Business Irish

Monday 22 September 2014

Three thousand unfilled jobs in the hotel sector

Published 25/02/2014 | 16:23



The problem is more acute in Dublin and is the worst it’s been since the recession began, he said..

“It is a big issue for many hotels trying to find trained staff,” he said.

The hotel sector already employs 54,000 people country-wide and has huge potential to grow along with tourist numbers , he said.

Some of this problem would resolve as students became available when college finished, Mr McNally said.

However the IHF is also calling for state training body SOLAS to set up a dedicated hospitality training unit with a new model for apprenticeships.

Two thirds of hoteliers said in a survey that they planned to take on additional staff over the next 12 months,.

Mr McNally is deputy chief executive of the Dalata Hotel Group which operates 35 hotels in 15 counties including 15 Maldron hotels.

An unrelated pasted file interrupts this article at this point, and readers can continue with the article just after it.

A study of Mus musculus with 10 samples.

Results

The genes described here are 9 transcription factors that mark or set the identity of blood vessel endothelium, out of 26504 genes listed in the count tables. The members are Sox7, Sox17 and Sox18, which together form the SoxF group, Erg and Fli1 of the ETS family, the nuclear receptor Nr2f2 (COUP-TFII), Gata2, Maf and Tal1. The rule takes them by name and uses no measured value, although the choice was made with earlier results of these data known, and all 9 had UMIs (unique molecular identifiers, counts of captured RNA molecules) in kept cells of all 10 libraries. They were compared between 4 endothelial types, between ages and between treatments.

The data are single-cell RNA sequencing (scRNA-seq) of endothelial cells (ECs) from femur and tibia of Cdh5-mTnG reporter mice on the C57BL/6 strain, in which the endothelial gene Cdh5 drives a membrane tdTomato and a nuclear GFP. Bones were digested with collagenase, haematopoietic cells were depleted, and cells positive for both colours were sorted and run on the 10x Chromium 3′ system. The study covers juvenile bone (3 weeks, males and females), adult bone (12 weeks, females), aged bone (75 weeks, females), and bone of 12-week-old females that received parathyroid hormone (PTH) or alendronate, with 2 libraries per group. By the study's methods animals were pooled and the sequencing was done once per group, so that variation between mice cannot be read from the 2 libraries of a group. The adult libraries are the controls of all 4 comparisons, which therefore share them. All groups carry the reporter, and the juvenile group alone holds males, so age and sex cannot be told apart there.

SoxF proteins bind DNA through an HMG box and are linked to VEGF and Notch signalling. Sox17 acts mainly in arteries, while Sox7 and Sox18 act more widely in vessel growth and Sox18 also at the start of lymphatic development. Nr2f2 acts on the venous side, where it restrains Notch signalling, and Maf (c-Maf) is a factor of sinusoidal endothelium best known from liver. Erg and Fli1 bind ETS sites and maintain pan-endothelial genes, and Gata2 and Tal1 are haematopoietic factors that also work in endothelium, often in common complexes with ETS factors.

He told the IHF agm in Trim that extra 74,000 tourism jobs could be created by 2020 if Ireland could attract 10m overseas visitors a year, Growth of 6pc a year would be needed to achieve this target and build on the 7m tourists who visited last year.

The number of overseas visitors increased by 7.2pc last year and a strong marketing strategy will be needed to deliver continued growth, he said.

The first step would have to be the full restoration of the Tourism Marketing Fund’s funding which has been cut from €47m in 2009 to €37m this year.

Delivering an extra 3m visitors could build on the 23,300 new tourism jobs created since 2011 and generate an extra €540m a year in tax revenue, Mr McNally said.

This would bring total tourism employment up from 196,000 today to 270,000 by 2020.

“These jobs would be spread across every corner of the country, creating sustainable indigenous local employment and contributing significantly to the export economy,” said Mr McNally.